In the digital world when it comes to browsers, Google Chrome reigns supreme. Microsoft Edge and Apple Safari are used by those who don’t want to use Chrome or perhaps are hooked to certain features of those browsers.
And then there’s Mozilla Firefox an extremely competent browser yet not the first choice for many. And that’s for various reasons, better explained by Mozilla in a new research report which delves into how consumers across a number of different countries and continents install and use browsers.
In the report, Mozilla has alleged that operating systems — Apple, Google, and Microsoft — misuse their privileged position. “For consumers who seek and use alternative browsers, many platforms make it difficult or impossible to delete the operating system’s bundled browser, and/or remove it as the operating system default,” says Mozilla in the report.
What is Mozilla’s Issue With The Big Tech Companies?
Mozilla says that the operating systems have been designed in a way where other browsers find it difficult. Competition from alternative browsers to those bundled on Windows, Android, iOS, Meta, and Amazon devices is suppressed, says Mozilla. For instance, Mozilla says that Windows computers by default come with Microsoft’s software bundle (Edge, Outlook, Teams, etc.) and “Google’s OEM partners to install Google Android devices with Google’s software bundle.”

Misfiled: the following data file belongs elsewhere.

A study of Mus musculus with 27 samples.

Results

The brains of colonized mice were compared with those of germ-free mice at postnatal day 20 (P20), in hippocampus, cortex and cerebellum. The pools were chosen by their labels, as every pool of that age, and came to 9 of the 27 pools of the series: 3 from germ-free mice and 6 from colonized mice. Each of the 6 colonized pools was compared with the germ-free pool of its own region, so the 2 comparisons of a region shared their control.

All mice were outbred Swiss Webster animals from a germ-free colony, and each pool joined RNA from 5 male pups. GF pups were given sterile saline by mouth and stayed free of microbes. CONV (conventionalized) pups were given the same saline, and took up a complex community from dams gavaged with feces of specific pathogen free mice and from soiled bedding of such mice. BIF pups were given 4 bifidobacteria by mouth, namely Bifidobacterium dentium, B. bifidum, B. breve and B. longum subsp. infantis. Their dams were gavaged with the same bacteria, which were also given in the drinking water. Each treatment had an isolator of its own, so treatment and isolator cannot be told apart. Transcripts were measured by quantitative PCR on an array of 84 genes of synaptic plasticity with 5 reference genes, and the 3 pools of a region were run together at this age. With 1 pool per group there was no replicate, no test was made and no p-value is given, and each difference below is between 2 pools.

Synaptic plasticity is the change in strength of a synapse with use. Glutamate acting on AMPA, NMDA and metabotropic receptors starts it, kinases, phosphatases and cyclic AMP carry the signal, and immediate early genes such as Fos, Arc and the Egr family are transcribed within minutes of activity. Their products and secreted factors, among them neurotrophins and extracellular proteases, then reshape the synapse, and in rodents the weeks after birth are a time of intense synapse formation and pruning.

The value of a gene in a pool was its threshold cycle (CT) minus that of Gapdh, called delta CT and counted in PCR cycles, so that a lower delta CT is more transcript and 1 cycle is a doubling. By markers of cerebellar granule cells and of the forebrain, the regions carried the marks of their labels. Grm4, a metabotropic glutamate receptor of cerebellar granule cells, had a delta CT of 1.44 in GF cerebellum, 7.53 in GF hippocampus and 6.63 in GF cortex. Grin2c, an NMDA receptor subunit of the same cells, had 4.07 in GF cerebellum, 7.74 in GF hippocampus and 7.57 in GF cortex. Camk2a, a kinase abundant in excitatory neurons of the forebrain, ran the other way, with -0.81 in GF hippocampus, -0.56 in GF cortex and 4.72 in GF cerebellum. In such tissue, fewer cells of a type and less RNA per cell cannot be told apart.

Mozilla argues that “when the operator has a conflict of interest – promoting its own browser at the expense of alternatives – it negatively impacts every person on the planet who wants to search or browse the internet freely.”
When the dominant operating systems(Microsoft and Apple) decided to offer their own browsers bundled with every computer’s operating system, the opportunities for independent browsers dwindled, says Mozilla. It further said that bundling mobile browsers as defaults has clear advantages for platforms and shape mobile consumer behavior in a way that is difficult to shift.
Citing the example of Apple, Mozilla said that apple lacked settings to switch away from Safari as the default browser until 2020. What this meant was that iOS consumers “trying to use another browser were locked into continued Safari usage for 13 years.”
Mozilla says that independent browsers like Firefox “offer a means for consumers to choose a different browsing experience, and one that should be beyond the control of any big tech platform.”